The Taliban for years has used social media sites like Facebook and Twitter to get its message to followers. As Afghanistan comes under the rule of the Taliban, each site is taking a different approach to how to address the content in its tweets, posts and shares.
Some have said they will not lift the ban on posts that promote the Taliban after the fall of Afghanistan. Others, such as Twitter, are reviewing posts for violations.
Facebook said it will ban the Taliban from operating Afghan government accounts. It has hired a team of content moderators that is monitoring and removing posts, images, videos and other content related to the organization. The same policy applies to Instagram and WhatsApp.
Afghanistan came under the rule of the Islamic militant group during the weekend, as it took the capital of Kabul.
The Taliban is on Facebook’s list of "Dangerous Organizations," and any content promoting or representing the group is banned, Adam Mosseri, head of Facebook’s photo-sharing app Instagram, told Bloomberg Television on Monday.
“We are relying on that policy to proactively take down anything that we can that might be dangerous or that is related to the Taliban in general,” Mosseri told Bloomberg. “Now this situation is evolving rapidly, and with it I’m sure the risk will evolve as well. We are going to have to modify what we do and how we do it to respond to those changing risks as they happen.”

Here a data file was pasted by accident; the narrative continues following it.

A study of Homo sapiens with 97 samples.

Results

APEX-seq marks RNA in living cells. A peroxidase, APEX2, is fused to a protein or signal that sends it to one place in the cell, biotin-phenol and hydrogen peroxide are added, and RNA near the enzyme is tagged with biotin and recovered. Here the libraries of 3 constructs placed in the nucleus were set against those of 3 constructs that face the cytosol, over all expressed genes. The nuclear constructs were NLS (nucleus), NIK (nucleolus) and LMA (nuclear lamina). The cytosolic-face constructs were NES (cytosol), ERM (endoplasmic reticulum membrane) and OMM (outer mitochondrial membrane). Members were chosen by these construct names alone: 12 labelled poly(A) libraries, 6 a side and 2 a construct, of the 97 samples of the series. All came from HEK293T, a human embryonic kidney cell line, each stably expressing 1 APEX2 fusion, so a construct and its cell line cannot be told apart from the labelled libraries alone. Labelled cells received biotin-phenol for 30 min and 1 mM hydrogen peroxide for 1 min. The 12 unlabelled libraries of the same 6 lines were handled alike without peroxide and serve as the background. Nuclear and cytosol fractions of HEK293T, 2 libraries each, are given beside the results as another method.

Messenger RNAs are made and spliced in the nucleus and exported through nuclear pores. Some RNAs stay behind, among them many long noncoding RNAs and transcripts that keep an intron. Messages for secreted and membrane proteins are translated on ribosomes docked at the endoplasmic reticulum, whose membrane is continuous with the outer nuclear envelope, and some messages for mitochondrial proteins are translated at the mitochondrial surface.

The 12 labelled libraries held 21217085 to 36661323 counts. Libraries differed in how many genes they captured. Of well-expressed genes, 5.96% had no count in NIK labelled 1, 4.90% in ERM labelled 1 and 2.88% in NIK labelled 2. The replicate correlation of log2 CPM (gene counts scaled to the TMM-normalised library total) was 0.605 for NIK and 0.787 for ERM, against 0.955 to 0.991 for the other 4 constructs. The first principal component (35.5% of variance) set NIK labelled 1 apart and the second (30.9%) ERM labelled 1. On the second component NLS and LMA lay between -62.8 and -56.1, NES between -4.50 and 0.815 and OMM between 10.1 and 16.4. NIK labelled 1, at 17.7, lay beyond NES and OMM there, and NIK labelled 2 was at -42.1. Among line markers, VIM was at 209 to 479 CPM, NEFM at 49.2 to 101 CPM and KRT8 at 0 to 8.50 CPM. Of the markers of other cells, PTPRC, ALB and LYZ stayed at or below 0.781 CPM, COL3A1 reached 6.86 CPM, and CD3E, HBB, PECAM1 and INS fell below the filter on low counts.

What are other social media platforms doing? One of the Taliban's spokesmen, Suhail Shaheen, has an active, unverified account on Twitter.
Twitter said it will review the Taliban’s tweets. A Twitter spokesperson told Newsweek that the company will "continue to proactively enforce” its rules and review content “that may violate Twitter rules, specifically policies against glorification of violence, platform manipulation and spam."
YouTube said Tuesday that it will "terminate" accounts run by the Afghan Taliban, clarifying an earlier remark that suggested the group was not banned from the video platform.
TikTok declined to share a statement, but told CNBC it has designated the Taliban as a terrorist group and it continues to remove content that praises, glorifies or supports it.